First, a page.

Monday, February 10, 2014

Dam the Thames to relieve the flood

The answer to yesterday's Thames River Flow Puzzle is that the unusual behaviour was due to the Thames Barrier being raised.

As blogged earlier, there's been enough rain in the last few weeks to give modern day Noahs incentive to finally get building that big boat project, and the Thames valley has gone beyond soggy.

Indeed if you type "River Thames" into the Environment Agencies web site you find there are currently 76 warnings including 14 which are "Severe", meaning there is danger to life.

The map above comes from the BBC web site and shows the most at risk locations.

There is one clear direction the water can flow that would ease the flood risk - down river. But uncontrolled increased river flows could combine with a high tide to drown central London, causing catastrophic damage.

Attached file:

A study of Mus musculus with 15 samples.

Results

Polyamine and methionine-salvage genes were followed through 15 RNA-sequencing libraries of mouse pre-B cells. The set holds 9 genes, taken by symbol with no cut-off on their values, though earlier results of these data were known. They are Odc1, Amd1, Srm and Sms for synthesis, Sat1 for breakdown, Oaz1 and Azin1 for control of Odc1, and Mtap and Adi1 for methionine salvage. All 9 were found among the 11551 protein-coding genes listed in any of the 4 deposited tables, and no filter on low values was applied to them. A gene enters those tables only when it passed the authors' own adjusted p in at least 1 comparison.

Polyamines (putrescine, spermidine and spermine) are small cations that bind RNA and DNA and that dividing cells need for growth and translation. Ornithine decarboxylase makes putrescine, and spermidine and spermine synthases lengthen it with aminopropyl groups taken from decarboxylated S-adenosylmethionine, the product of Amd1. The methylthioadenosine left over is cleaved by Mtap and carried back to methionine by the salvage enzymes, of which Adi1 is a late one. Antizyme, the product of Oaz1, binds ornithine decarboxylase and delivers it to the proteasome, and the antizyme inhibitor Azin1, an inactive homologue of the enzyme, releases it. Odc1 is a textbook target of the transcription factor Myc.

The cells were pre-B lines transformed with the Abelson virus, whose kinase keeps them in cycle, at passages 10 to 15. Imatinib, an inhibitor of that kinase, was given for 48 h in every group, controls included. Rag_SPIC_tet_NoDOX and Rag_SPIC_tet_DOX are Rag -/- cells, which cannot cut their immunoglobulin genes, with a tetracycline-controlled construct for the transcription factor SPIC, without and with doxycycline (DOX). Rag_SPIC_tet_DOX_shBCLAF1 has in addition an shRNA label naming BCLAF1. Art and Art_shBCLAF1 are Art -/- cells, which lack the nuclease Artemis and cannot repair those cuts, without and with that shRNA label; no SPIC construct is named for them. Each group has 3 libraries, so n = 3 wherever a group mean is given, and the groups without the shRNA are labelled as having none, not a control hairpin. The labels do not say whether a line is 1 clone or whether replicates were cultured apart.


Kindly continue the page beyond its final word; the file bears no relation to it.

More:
So the Thames Barrier has been raised, to stop the incoming tide and allow as much water as possible to drain out of the Thames valley.

This can be seen in the image below from this brilliant web site (as blogged earlier) grabbed last night:

You can see the levels towards Teddington significantly above predicted as increased flows are released with the barrier closed to hold back the tide.

This is unlike the expected requirement for the Thames Barrier, which was to protect the capital from storm surges coming up the estuary, as happened at Canvey Island in 1953.

So you can indeed relieve a flood by damming a river - by using the Thames Barrier.

But it still looks pretty bad - good luck to all those in the at risk locations.


Tillerman said...

Interesting stuff!

JP said...

There's clearly a lot of engineering and thinking gone into this and yet the river still floods. I think no one planned for such extreme rain rates.